Worm's Head

  • Distance: 9.5 miles
  • Time: Approx 3 hours
  • Description of this walk: A long and winding walk through an area of outstanding natural beauty, the Gower Peninsula.

This walk can be a race against the tide, so it is vital that you check the tide times before setting out on your walk.

If you do get caught out - don't try to swim back, wait for help to come to you.

Worm's Head

Starting from Worms Head this walk goes above Rhossili Bay, across Hardings Down, down towards Llanmadoc before finishing at Whitford Point.

Derek was accompanied by two separate guides - Sian Musgrove, the National Trust area warden for Rhossili and Sion Brackenbury - Projects Officer for the Gower Commons Initiative.

First stop on the walk was Worms Head itself. To make sure it's safe always check with Coastwatch who've taken over the old Victorian Coastguard hut.

They provide information on tide times, when to go across, what the weather is going to be like, what you need to take and what do if they see anyone in trouble.

Worm's Head is approx 1 mile long and a couple of hundred yards at its widest point.

The poet Dylan Thomas, was trapped here as a boy and later wrote of his terror at being cut off with nothing but a bag of sandwiches and a good book to keep him company.

Worm's Head takes its name from the old English word for dragon, and with a bit of imagination it looks just like a giant one has landed on the edge of the peninsula.

The worm is a nature reserve and visitors should stay away from the outer heads when birds are nesting. If you do get around there, look out for sea water shooting out of the blow hole!

On the way back watch the rocks can be a bit slippery but this is where you'll see crabs and fish in the rock pools, plus a wide variety of other marine wildlife.


Another interesting item to look out for on Worm's Head is an anchor which is partially buried in the sand.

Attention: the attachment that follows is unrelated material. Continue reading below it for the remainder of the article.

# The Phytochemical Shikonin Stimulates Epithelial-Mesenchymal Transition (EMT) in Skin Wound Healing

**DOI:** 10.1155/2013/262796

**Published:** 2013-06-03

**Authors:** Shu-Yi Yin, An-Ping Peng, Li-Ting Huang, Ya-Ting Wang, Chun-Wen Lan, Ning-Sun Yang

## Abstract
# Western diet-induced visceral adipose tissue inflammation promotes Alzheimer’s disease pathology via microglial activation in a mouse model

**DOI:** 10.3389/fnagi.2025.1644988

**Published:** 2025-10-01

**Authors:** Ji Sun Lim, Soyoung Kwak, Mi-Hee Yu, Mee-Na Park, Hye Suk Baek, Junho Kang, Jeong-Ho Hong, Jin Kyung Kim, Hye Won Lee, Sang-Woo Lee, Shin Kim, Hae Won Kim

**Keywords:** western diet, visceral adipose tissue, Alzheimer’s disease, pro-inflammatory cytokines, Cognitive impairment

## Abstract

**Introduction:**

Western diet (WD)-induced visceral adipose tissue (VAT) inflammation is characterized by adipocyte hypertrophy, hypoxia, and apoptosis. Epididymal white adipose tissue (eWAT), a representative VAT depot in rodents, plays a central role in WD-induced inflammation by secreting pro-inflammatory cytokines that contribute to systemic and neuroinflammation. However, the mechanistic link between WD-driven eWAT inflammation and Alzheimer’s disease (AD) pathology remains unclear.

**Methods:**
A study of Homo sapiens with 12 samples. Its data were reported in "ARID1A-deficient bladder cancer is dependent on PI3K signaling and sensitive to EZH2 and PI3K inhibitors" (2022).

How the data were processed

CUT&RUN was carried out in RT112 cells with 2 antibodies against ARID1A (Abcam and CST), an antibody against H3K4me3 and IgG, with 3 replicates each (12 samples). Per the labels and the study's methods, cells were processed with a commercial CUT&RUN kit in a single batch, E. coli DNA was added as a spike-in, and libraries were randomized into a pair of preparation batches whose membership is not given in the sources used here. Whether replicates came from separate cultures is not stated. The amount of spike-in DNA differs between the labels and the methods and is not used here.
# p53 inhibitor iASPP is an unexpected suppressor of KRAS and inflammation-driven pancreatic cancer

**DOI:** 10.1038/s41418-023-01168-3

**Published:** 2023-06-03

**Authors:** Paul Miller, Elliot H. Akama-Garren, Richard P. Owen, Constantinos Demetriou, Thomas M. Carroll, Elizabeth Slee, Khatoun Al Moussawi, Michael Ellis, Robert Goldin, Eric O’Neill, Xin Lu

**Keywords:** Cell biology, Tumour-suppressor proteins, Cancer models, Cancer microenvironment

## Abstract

The ship was deliberately lured onto rocks by local 'wreckers' and you'll find more wrecks on Rhossili beach.

Back up on the cliffs there's evidence of historic civilisations living in the area and over looking Rhossili beach are remains of an Iron Age hill fort - the first of three you'll encounter on this walk.

St Mary's church

Before Derek and Sian parted company she showed him St Mary's church at Rhossili. There is a memorial here to Edgar Evans, who was from Rhossili and a member of Captain Robert Falcon Scott's expedition to the Antarctic.

Hardings Down hill fort

For the next leg, Derek was joined by Sion Brackenbury - Projects Officer for the Gower Commons Initiative, and the first thing they found was another hill fort.

'Hardings Down' is the biggest of the three forts on this walk, it measures one hundred and ten metres, by seventy-five, and in its time would have been a bustling settlement.

Nowadays it's a great place to check out the views offered by the Gower peninsula appreciate the variety of scenery on offer.

Even when all the beaches are packed you can always find a quite spot, if you're prepared to look and go that extra mile you can find beautiful places.

Whitford lighthouse

Whitford lighthouse is the last stop on the walk and takes about twenty minutes to get across to the lighthouse. Again as with Worm's Head, it is important to time your walk right, as you will have to deal with same dangerous tides.

It's difficult to reach both Worms Head and Whitford lighthouse on the same walk, due to the tides - so check times for both points and start at the end you wish to see most of.

This walk was done as part of Weatherman Walking, Series 2 in 2008.